The Boston Bruins are set for battle with the Northeast Division-leading Buffalo Sabres on Thursday. It will be Buffalo's first time in the playoffs since 2007 while the Bruins are in their third straight appearance.
The Sabres will have their hands full with the Bruins and Mark Recchi, who has the most career playoff goals (50) of any active playoff participant. He's second in total points, with Detroit's Nicklas Lidstrom leading the pack at 165.
Here are some other things to know about the Bruins and Sabres:
1. The No. 3 seed is 19-11 in first-round series against the No. 6 seed (that's Boston) since 1994 — good news for the Sabres. However, since 2003, these No. 3 seeds are 5-7. It's anyone's game.
Boston defeated the Carolina Hurricanes in 1999 in the same scenario, while the Sabres chipped in with their own defeat of No. 3 in 1998 over the Philadelphia Flyers.
2. The B's have the second-best defense (2.33 goals against allowed per game), second fewest road losses (13) and third-best penalty-killing squad (86.4 percent).
The Sabres have the best penalty-kill percentage of any playoff team at 86.6 percent and second overall in the league.
3. Boston's goal-scoring issues have been well documented. With 196 goals, only one team has ranked lower in the past 20 years and still made the playoffs: The 1988-90 Vancouver Canucks' 251 goals ranked last in the then 21-team league.
4. Buffalo has had recent goal-scoring woes as well. Despite being tied for ninth in the league with 231 goals, 22 percent of their production is tied up in Tomas Vanek, Tim Connolly and Patrick Kaleta. All three have had injury problems. Prior to the final weekend of the season, these three players had not played since March 28.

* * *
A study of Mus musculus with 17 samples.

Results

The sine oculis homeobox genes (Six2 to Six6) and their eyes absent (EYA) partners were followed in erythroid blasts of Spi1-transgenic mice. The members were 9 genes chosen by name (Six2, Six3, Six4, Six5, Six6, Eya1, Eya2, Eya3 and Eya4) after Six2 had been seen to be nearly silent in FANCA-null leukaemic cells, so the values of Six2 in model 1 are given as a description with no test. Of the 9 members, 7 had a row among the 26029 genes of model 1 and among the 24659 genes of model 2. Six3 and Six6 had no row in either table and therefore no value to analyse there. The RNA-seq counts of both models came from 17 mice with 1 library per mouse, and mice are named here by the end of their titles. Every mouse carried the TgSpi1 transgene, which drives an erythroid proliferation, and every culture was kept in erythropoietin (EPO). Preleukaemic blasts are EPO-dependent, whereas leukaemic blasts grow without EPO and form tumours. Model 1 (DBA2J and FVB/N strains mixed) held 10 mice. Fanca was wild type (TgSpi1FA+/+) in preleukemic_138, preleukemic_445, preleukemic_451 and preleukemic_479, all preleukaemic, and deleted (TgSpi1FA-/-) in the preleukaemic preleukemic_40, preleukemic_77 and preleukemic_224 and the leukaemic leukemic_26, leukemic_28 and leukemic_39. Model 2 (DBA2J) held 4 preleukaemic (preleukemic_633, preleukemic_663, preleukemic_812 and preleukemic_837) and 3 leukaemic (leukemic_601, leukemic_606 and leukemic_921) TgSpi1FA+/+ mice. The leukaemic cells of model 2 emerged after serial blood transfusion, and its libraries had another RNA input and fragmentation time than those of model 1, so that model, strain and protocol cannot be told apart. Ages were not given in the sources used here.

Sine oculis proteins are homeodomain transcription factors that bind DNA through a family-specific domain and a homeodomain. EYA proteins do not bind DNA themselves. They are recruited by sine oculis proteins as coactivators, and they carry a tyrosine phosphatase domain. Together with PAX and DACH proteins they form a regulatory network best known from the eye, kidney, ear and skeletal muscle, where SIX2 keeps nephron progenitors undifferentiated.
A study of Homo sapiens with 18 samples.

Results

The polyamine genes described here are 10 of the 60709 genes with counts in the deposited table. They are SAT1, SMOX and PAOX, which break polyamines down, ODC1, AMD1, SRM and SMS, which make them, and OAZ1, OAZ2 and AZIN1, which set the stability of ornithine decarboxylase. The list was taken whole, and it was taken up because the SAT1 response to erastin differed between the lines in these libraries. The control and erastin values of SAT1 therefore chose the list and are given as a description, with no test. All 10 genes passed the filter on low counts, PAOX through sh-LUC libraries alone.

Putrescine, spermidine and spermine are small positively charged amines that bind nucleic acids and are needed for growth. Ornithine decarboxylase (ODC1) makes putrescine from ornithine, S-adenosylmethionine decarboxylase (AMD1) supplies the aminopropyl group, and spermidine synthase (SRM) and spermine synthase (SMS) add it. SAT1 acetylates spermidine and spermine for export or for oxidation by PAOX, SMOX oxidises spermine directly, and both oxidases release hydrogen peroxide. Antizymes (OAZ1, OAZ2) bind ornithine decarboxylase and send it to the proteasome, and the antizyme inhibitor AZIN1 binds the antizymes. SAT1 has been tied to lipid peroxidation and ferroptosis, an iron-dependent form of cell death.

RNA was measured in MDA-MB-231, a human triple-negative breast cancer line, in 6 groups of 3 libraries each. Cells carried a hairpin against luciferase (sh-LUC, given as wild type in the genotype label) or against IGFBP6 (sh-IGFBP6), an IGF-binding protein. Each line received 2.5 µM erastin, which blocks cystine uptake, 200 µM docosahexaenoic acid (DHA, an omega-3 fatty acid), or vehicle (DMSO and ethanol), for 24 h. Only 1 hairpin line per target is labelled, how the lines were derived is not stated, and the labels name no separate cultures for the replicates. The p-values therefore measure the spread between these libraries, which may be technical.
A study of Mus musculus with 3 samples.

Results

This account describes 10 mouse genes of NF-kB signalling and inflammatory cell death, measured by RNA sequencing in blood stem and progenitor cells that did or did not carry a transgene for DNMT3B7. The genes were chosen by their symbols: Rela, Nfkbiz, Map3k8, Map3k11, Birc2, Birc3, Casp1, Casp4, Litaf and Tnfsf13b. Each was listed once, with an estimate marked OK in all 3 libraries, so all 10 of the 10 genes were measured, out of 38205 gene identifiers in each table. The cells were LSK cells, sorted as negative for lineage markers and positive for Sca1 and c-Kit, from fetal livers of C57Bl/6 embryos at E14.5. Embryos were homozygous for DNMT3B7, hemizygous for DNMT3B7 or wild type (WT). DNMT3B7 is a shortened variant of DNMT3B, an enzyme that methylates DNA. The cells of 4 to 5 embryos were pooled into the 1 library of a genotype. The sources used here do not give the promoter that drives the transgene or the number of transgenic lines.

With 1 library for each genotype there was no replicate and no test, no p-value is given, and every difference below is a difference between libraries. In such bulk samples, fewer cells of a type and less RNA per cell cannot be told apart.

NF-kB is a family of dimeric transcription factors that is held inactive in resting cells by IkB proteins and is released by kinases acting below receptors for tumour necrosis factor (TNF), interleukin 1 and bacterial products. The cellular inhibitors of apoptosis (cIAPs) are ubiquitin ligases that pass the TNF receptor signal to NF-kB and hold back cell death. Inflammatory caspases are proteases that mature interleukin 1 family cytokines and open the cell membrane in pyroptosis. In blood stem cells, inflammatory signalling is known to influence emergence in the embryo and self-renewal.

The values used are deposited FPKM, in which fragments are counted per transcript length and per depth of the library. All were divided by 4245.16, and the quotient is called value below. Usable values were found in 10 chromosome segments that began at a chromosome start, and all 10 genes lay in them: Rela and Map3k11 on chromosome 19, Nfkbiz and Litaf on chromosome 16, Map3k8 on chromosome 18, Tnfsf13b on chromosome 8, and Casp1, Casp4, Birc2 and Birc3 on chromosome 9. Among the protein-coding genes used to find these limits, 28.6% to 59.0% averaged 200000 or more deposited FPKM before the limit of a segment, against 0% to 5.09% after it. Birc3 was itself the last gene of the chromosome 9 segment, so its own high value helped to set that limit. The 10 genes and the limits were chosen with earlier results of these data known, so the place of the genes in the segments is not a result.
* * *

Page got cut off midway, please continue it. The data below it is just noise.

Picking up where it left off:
Vanek returned on Saturday, April 10 and scored five goals between Saturday and Sunday. He leads the Sabres with 28 goals. Connolly also returned Sunday.
5. The Bruins have completed their second straight year with a goalie leading the league in both save percentage and goals-against average. Last year was Tim Thomas (.933 save percentage, 2.10 GAA) and 2010 boasts Tuukka Rask (.931, 1.97).
Rask, a rookie, will be playing against quite a few other rookie goaltenders in the playoffs. The Ottawa Senators have Brian Elliot and Pascal Leclaire and Philadelphia checks in with Michael Leighton.
6. While Rask leads the league in save percentage and GAA, Sabres netminder Ryan Miller is second (.929, 2.22). The .929 save percentage is a career best for Miller while his GAA has dropped for the third straight year.
Miller, of course, led all goalies in Olympic play with a 5-1 record and 1.35 GAA. With a silver medal in hand, he's certainly ready for playoff competition.
7. Lindy Ruff, the Sabres coach, is the longest-tenured coach with the same franchise among active coaches. He ranks third all time behind Al Arbour and Billy Reay and will helm the Sabres in the playoffs for the seventh time.
8. Buffalo defenseman Tyler Myers, in his rookie year, ranked 11th among all defensemen in points while tying for 12th in goals. The 20-year-old also appeared in all 82 games and put up an impressive 22:44 time-on-ice mark, which is 23rd among skaters.
9. The Bruins have only played six games this season with no injured players. Boston finished the season with four regulars out of the lineup: Center Mark Savard along with three defensemen in Dennis Seidenberg, Andrew Ference and Mark Stuart.
The first game of the series will air Thursday night on NESN with coverage beginning at 6:30 p.m.